When the weather is nice and you want to get out and about with your little one, how do you prepare for a short trip out of the house, whole days, weekends away with relatives or even mini breaks?
Kiddylicious sat down with our panel of early years experts to discuss how you can keep confidence high when you’re not at home:
Steph: A great place to start is to try an experiment and start off with a shorter day trip, because that will give you confidence. It depends on the kind of trip you’re doing but try to keep it a bit shorter the first time that you go out. Perhaps you could aim for a half day out, rather than planning somewhere that’s two hours in the car there and then two hours back. I think so much of this is based on feeling confident, isn’t it, that you think: “I can do this!” You can also identify teething problems such as what equipment you should have brought.
Laura: The sheer volume of stuff that babies need in those early days is phenomenal. I remember going away to see family when my son was three weeks old and honestly, there was so much stuff in car we could barely move.
Sophie: Be prepared and take more than you think you need – snacks, nappies and changes of clothes as you don’t know what’s going to happen.
SO: Always take an extra top for yourself, too!
SP: It’s worth taking things with you to wash your children’s hands to make sure that they have clean hands before you give them a snack. Sometimes you forget that don’t you, especially if it’s just a snack in the buggy. It’s a good idea to have wet wipes to clean their hands.
SO: Wet wipes are a good option. You don’t want to use alcohol hand gel with really young ones.
Getting prepped for a day out
SO: When you’re getting ready for days out, I like to prepare in advance and there have been times where we’ve done it last minute in the morning and you think, I should have done this the night before. Trying to set everything out the night before just makes the next day a lot easier.
LM: I think also that when you’re going out, whether it’s a picnic or a day out, it’s great to have lots of ‘picky’ things. Handheld foods that can be shared, little pots of plain yoghurt, plastic boxes full of chopped up veggie sticks and anything that you can prepare, such as mini pizzas, sandwich fingers and things like that.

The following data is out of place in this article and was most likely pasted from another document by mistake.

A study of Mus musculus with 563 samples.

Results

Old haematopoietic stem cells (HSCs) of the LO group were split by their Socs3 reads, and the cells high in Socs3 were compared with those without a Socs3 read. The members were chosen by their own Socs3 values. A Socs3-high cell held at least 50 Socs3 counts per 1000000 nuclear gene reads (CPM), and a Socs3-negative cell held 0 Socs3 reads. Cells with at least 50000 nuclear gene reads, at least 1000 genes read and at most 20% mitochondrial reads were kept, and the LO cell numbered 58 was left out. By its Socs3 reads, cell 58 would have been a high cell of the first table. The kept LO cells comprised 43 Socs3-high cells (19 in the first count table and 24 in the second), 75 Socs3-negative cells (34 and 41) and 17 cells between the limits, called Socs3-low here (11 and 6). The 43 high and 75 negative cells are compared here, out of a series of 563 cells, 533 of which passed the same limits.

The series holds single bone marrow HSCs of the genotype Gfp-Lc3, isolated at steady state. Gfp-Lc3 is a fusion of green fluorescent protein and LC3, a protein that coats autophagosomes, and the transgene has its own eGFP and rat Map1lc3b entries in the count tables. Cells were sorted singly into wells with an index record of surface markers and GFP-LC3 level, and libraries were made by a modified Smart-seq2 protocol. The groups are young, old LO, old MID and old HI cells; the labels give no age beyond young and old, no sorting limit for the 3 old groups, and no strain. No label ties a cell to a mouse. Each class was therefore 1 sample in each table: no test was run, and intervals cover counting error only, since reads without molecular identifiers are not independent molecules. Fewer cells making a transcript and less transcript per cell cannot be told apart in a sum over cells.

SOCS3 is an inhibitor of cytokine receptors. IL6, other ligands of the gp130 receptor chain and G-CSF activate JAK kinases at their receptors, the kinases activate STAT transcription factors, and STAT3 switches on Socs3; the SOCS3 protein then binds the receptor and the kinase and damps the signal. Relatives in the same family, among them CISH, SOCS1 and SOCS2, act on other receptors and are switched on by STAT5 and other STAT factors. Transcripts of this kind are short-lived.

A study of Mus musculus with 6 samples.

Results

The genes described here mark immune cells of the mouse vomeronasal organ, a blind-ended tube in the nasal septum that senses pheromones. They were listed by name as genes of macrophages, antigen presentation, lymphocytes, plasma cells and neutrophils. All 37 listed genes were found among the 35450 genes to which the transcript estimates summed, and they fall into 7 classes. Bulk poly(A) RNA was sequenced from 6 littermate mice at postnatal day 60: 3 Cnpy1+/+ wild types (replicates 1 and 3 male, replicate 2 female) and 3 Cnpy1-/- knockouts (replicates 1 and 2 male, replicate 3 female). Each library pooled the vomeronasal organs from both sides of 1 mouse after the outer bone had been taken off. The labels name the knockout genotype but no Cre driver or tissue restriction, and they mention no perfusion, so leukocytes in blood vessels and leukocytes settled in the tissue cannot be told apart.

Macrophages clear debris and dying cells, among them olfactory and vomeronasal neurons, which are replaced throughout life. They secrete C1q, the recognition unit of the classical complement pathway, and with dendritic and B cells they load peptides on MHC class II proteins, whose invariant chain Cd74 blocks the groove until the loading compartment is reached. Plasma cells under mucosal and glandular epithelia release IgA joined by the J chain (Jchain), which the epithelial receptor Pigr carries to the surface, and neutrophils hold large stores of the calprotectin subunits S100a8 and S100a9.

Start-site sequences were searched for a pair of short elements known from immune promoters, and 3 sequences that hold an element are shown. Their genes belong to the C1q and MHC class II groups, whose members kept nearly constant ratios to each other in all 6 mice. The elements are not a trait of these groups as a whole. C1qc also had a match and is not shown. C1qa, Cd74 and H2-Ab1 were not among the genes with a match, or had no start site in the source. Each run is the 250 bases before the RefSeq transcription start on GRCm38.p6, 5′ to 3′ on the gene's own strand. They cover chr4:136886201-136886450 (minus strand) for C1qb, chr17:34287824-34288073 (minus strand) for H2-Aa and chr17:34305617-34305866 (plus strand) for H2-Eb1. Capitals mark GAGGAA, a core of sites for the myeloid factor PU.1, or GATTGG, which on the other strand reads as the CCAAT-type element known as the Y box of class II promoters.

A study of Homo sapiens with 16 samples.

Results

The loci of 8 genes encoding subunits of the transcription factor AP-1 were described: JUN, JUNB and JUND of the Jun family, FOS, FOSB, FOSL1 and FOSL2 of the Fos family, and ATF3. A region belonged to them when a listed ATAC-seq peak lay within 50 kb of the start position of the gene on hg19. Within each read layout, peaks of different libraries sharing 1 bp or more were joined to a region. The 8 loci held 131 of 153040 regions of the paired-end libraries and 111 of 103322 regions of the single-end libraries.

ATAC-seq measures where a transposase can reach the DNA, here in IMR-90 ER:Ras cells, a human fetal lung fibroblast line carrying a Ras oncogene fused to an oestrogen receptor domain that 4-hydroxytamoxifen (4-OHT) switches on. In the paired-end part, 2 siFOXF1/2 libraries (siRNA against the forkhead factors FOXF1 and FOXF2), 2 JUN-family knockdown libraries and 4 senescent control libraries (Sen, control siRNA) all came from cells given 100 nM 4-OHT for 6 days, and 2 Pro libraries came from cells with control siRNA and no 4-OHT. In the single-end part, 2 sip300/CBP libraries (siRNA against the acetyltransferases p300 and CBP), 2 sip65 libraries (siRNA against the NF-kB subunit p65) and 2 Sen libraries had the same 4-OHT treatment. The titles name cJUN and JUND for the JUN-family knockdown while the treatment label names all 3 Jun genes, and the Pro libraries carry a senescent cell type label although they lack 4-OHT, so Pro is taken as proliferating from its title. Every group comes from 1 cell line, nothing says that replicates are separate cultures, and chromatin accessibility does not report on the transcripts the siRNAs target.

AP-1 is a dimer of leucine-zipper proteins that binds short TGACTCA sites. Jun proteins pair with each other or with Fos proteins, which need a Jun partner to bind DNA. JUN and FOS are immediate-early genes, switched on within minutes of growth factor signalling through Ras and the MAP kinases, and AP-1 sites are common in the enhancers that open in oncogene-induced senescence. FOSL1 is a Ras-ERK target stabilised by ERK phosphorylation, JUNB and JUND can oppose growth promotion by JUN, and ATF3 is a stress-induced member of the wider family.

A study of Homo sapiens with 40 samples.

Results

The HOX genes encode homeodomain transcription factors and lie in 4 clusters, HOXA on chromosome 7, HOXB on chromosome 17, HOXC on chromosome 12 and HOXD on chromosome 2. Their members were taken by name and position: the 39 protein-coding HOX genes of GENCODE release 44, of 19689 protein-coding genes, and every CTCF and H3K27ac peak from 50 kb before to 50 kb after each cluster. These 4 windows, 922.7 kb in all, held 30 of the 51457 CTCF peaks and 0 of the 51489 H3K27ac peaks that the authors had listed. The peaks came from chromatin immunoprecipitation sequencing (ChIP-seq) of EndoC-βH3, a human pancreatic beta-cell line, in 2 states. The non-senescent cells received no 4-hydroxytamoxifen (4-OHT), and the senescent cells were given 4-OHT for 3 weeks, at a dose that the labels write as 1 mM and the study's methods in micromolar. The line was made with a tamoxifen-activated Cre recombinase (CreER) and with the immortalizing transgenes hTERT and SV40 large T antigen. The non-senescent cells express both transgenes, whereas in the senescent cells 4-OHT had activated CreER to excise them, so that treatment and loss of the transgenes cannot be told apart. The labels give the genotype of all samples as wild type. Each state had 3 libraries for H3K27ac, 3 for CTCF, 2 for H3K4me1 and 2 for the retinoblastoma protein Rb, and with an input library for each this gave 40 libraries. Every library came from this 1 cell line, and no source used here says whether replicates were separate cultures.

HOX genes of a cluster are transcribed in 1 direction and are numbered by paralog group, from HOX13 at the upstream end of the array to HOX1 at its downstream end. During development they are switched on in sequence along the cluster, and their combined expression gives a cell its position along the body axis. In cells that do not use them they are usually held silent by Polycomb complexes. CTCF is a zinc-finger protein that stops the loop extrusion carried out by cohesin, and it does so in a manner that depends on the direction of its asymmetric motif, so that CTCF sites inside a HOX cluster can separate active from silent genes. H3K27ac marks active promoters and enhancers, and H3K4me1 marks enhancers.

SP: Boiled eggs are a good one. I’ll often put some on for the next day while I’m making tea. You can keep them up to a week in the fridge. Crinkle cutters are great to use for prepping bits and pieces for weaning babies because they make slippery things easier to grasp.
SP: It’s nice to prepare lots of different ‘picky’ things. If you’re going for a walk, you can stop and have a little snack, then stop at a later point and have another. If you offer little portions, it can sometimes be easier. You can get reusable plastic bags that you can wash and beeswax paper, to avoid plastic waste and we have baby-sized snack cups with a silicone top. They can help themselves and it takes a bit longer to eat things from the pots, which keeps them occupied.
SO: I don’t think you necessarily need to have baby-specific equipment at the beginning. When they are toddlers, it’s nice for them to have ownership over their stuff but at the beginning, you can use whatever you’ve got at home. It’s a big area in terms of marketing and parents will spend a lot of money on it but you don’t have to go and buy specific things for kids.
SP: We like bento boxes as well because it’s so nice to be able to portion things out and then again, there’s no plastic waste. When you close the lid, everything’s sealed, so you can even add a sliced banana and it doesn’t oxidize. I get asked a lot about cups – what kind of cups are best for babies to use? From a developmental point of view and a dental point of view, we should be teaching kids to drink from an open cup as soon as possible.
Useful kit for eating out
SO: I know some restaurants will have colouring pencils for the kids but I’ll usually have those in the bag for an emergency. We do take a computer tablet with us as well, not for pre-food time but because inevitably their food comes and you sort them out and then while you’re trying to finish your own food, they’re starting to get antsy. You just need them to stay in their seat for a little longer.
SP: That’s a really good point. I think people can feel guilty about doing that. People have quite strong feelings about it, but meals can take a long time and it’s got to be enjoyable for you as well.
SO: I totally agree. Screen time has its place. I don’t think any parent should feel guilty about using it.
LM: I think you can also lower your standards a little bit when eating out. We’ve all had horror experiences where our children are screaming or crying. Just be aware that those things happen.
SO: It’s about planning, isn’t it? If everything just goes to pot, we know that my daughter will be fine if we give her a little treat. So, I think it’s just about planning for those moments.
SP: If you have a younger baby, and you want them to sleep while you’re in a restaurant, you can use things like white noise, which you can get on your phone. We also have a breathable net for the pram that creates a dark environment.